To say that The Walking Dead is changing things up in Season 9 is to say that walker guts smell kind of gross. The narrative is making a big time jump (or two), a bunch of new characters are getting introduced, and it's Andrew Lincoln last season as Rick Grimes. It will also be Lauren Cohan's last episodes as Maggie Rhee for the foreseeable future, with the actress starring in the new ABC dramedy Whiskey Cavalier. Cohan revealed recently that Maggie's exit will be open-ended, and looking back to the comic book source material may clue viewers in on how that exit will be handled.
Why Would Maggie Even Leave?
When The Walking Dead Season 8 came to a close, the finale gave fans the hint of deep-seated turmoil coming to the protagonist communities, with Maggie and Daryl furious that Rick allowed Negan to live, rather than giving the Saviors leader the big death he arguably deserved. The first Season 9 trailer showed off Negan's new jail cell digs, but viewers shouldn't expect Maggie to soon be overjoyed and gracious for Rick's return to old-world authority and punishment. Every second that Negan stays alive is another reminder of how he brutally took Glenn's life.
And because no one can keep a charismatic villain like Negan locked up for good, it should surprise no one that Negan ends up getting free at one point or another. The first time, his cell is accidentally left unlocked, but the villain chooses to stick around to prove his redemption and rehabilitation to Rick. Later, when another escape scenario is put forth by someone else within the community -- I'm hoping the TV series makes it a more important character than the one used in the comic -- Negan takes advantage and goes on a very interesting journey that doesn't really need to get discussed here, as to not spoil other plotlines.
Yadda, yadda, yadda, things happen and Maggie finds out that Negan is free, which does not hit very high on her list of comforting and enjoyable discoveries. And so, when the time is right for it, Maggie strikes out to follow the expletive-spewing villain, which gives the character her own interesting journey of self-discovery. There's no doubt the live-action adaptation will change some things up on this front, especially since Maggie isn't meant to return for TV soon.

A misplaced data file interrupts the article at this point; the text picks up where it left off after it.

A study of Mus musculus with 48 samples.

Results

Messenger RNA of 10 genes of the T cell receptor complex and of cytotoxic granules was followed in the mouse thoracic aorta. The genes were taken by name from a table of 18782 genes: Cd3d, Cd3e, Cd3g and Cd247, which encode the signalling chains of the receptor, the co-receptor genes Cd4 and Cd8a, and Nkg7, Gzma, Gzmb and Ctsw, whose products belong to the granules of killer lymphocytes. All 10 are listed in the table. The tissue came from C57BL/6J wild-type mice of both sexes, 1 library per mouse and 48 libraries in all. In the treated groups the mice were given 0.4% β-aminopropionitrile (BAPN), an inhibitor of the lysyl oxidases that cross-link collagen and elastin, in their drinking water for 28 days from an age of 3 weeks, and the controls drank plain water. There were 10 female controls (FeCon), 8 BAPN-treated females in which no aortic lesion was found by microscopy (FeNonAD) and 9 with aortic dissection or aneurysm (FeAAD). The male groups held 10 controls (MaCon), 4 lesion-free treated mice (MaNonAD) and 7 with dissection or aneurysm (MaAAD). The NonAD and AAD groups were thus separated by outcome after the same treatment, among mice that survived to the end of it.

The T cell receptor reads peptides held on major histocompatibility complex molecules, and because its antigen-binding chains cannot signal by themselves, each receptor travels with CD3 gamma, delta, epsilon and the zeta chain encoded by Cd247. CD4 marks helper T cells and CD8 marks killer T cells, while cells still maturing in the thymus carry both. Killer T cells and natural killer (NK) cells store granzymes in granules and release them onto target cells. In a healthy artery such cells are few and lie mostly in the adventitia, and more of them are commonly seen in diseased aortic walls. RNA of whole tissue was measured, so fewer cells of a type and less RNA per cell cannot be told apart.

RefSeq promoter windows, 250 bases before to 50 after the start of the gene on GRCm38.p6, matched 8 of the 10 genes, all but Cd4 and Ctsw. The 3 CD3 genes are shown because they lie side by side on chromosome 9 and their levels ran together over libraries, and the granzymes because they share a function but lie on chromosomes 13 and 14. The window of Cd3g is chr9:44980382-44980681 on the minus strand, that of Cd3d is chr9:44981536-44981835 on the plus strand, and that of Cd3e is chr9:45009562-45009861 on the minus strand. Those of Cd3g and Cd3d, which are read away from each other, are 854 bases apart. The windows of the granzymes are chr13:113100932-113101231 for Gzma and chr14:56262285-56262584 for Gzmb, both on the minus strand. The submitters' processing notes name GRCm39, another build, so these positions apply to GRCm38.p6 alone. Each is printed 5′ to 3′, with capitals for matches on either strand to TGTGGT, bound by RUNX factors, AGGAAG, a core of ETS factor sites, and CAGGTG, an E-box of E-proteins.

Where Could Maggie Go?
As stated earlier, it's assumed that Maggie will be taking off as a way of tracking Negan down after he takes his own leave of absence from Alexandria's walls. In the comics, Maggie's trek doesn't appear to take all that long, with seemingly less than a day's travel on either end of the trip. So for the character to potentially remain free and clear of Hilltop for the remainder of Season 9, it's presumed the TV show will greatly expand on how her Negan hunt goes down. And it's likely that will happen after Alpha and the Whisperers' introduction (which apparently won't crossover with Rick's remaining time).
Without going into spoilers about how Maggie's journey plays out, I can say that I'm not immediately sure how The Walking Dead will suitably justify keeping her away from the rest of the group. If the show follows the comics generally enough, it's possible that Maggie will eventually come to the realization that getting revenge on Negan will do nothing to bring Glenn or her all-around happiness back, which could extrapolate into her believing that there is nothing left for her to return to back at Hilltop and the other communities.
As such, Maggie might follow in Morgan's footsteps by striking out on her own, either with the intention to stay alone or to find a new group that doesn't remind her of all her past tragedies. But that would create the complication of either having to leave her baby behind with others, or taking the toddler with her, with the latter option highly unlikely to happen. In the comics, this is also a point when Maggie actually enters into a new romantic partnership, though I also can't see the TV show diving into that. So until we learn a little more, the comics might actually be more of a guideline to show us what probably won't happen to set up Maggie's final episodes.